Now it’s too easy to transfer in football
For some inexplicable reason, NCAA football insists on operating on the edge.
No such thing.
Not a chance.
College football is feast or famine. It’s always too far to the left or too far to the right. It’s always too strict on rules or too lenient.
This new “transfer portal” is a perfect case in point.
For years and years, it was very difficult for players to transfer from one college to another. Besides having to sit out an entire year, the head coach at the school the athlete was leaving possessed ultimate power over the transfer. He could decide which school and which different level of competition the athlete would call his new home.
It was totally one-sided.
Then came graduate transfers, which considerably softened the rule.
And now? The transfer portal has taken this to the completely opposite extreme.
Coaches have no say on where or when a player can transfer now. I have no problem with that. Players were treated like indentured servants for far too long.
But now the rules have made it much, much too easy to transfer. As a result, there are nearly a thousand college football players who have entered their names into the transfer portal.
So, what are college coaches supposed to do? Like it or not, they would be foolish not to take advantage of this new situation.
“It’s upon us,” said veteran Marshall University head football coach Doc Holliday. “As coaches, we’re going to do everything we can to take advantage of it. If there are guys on there, we’re going to monitor it and know who they are. If we know somebody or we think we can find somebody that can help us, then we’re going to try to take advantage of it the best we can.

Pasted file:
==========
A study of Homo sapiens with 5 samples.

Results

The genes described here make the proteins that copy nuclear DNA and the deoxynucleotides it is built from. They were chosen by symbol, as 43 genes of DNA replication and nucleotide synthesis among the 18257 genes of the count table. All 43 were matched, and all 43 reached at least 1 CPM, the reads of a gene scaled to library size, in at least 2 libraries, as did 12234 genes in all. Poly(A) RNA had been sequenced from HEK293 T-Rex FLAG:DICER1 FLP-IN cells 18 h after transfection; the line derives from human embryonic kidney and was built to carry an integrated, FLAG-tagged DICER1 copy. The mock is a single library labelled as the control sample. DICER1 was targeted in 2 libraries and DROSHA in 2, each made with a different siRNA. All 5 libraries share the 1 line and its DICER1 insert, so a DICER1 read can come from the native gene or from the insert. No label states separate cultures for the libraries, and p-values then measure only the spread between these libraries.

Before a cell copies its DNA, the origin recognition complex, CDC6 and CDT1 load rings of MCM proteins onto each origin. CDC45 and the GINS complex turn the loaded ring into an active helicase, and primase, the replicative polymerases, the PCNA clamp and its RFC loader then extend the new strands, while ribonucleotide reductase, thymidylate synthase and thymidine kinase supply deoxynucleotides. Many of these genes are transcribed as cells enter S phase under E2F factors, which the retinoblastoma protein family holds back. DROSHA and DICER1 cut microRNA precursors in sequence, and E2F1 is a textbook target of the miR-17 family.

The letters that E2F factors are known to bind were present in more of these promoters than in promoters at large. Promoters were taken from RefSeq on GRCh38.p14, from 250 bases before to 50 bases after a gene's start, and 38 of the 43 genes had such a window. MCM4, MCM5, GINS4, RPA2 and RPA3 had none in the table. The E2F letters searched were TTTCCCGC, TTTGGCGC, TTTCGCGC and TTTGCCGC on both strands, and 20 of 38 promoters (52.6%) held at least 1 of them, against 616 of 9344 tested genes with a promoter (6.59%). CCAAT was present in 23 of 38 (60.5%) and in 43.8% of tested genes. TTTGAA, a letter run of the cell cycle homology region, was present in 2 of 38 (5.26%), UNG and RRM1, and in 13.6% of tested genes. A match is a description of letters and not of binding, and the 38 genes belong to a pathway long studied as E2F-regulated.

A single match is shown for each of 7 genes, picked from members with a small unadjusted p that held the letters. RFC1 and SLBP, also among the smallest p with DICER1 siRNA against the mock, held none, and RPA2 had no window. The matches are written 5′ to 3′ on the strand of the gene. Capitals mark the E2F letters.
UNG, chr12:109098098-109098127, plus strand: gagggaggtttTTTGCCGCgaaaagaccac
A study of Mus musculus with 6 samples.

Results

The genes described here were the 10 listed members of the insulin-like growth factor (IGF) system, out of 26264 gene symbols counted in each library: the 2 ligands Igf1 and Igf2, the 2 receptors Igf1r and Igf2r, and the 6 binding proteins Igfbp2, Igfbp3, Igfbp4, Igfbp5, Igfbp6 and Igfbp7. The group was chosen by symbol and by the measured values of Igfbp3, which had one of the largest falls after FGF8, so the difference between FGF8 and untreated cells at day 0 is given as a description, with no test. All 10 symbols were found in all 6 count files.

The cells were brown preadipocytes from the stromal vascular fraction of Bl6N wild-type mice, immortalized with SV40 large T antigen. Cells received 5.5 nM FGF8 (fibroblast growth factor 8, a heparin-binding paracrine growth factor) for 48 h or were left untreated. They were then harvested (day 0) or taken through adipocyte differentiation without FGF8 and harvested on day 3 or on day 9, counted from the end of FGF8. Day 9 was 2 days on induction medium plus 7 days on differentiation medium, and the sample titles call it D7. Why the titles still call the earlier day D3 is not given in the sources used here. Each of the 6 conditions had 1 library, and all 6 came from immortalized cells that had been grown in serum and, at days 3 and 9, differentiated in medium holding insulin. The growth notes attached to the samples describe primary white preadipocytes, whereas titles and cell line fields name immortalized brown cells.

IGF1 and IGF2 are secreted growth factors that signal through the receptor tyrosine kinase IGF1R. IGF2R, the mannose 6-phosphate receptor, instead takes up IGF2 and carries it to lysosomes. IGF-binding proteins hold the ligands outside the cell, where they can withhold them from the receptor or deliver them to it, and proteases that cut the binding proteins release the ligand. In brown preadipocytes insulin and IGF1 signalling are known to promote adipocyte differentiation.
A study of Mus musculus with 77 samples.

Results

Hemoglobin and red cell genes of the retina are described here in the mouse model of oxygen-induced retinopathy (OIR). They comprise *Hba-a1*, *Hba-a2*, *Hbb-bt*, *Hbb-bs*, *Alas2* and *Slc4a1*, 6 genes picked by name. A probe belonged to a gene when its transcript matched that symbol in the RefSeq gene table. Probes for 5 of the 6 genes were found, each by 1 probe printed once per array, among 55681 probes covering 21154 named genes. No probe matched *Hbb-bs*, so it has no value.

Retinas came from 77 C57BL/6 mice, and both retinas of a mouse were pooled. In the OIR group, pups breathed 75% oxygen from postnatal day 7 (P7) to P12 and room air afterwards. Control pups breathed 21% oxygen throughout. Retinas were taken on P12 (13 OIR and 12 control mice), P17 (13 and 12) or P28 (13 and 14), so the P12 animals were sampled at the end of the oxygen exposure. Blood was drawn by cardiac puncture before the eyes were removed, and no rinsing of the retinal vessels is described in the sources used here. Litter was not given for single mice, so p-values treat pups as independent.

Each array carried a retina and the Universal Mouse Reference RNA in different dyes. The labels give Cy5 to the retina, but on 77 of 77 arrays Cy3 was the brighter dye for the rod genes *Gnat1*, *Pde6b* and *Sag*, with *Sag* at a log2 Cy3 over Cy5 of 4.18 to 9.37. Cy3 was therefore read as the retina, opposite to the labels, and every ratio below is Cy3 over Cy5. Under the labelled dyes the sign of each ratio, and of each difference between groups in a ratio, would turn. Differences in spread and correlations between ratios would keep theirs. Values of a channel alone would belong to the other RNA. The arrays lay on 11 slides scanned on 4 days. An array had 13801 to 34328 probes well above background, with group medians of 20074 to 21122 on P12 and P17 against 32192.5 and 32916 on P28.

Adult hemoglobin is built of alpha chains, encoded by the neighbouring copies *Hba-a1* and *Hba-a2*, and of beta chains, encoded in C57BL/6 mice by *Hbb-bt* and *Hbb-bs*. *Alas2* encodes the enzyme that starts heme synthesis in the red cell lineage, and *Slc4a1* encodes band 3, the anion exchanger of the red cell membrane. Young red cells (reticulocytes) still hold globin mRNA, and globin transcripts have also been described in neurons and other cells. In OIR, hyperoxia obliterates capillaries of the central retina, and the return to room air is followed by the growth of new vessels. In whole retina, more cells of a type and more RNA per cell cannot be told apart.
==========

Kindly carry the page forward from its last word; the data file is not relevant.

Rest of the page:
“You just monitor it. If there’s a guy out there you know it. And you know what? You don’t have to jump through hoops to try to get permission and all that. If they are in the portal, you can pick up the phone and make contact with them. It has eliminated a lot of steps.”
And yet this entire transfer portal concept still weighs on Holliday’s conscience as a coach.
“I don’t know. I worry a little bit about it,” he said. “To be honest with you, as a coach I worry about it. You’ve got kids ... there are 800, 900 kids in that portal.
“I mean, c’mon. What message are we sending out there? Get a guy that’s in the portal.
Why? ‘Well, I didn’t want to compete for the job in the spring.’ The biggest thing that football and athletics, in general, is teaching to overcome adversity and fighting for what you get and all that kind of thing.”
This is the polar opposite.
It’s a my-way-or-the-highway philosophy.
“For guys just to be able to pick up and leave at the drop of a hat,” Holliday continued, “because they don’t like a coach or a decision that was made, I’m not sure that we’re sending the right message. It’s like anything else: You’ve got to be careful what you ask for sometimes.”
Holliday is absolutely correct.
The college football pendulum has swung from far too hard to transfer to far too easy.
Neither is the answer.
But, once again, NCAA football has chosen to tread on no middle ground.
Chuck Landon is a sports columnist for The Herald-Dispatch. Contact him at firstname.lastname@example.org.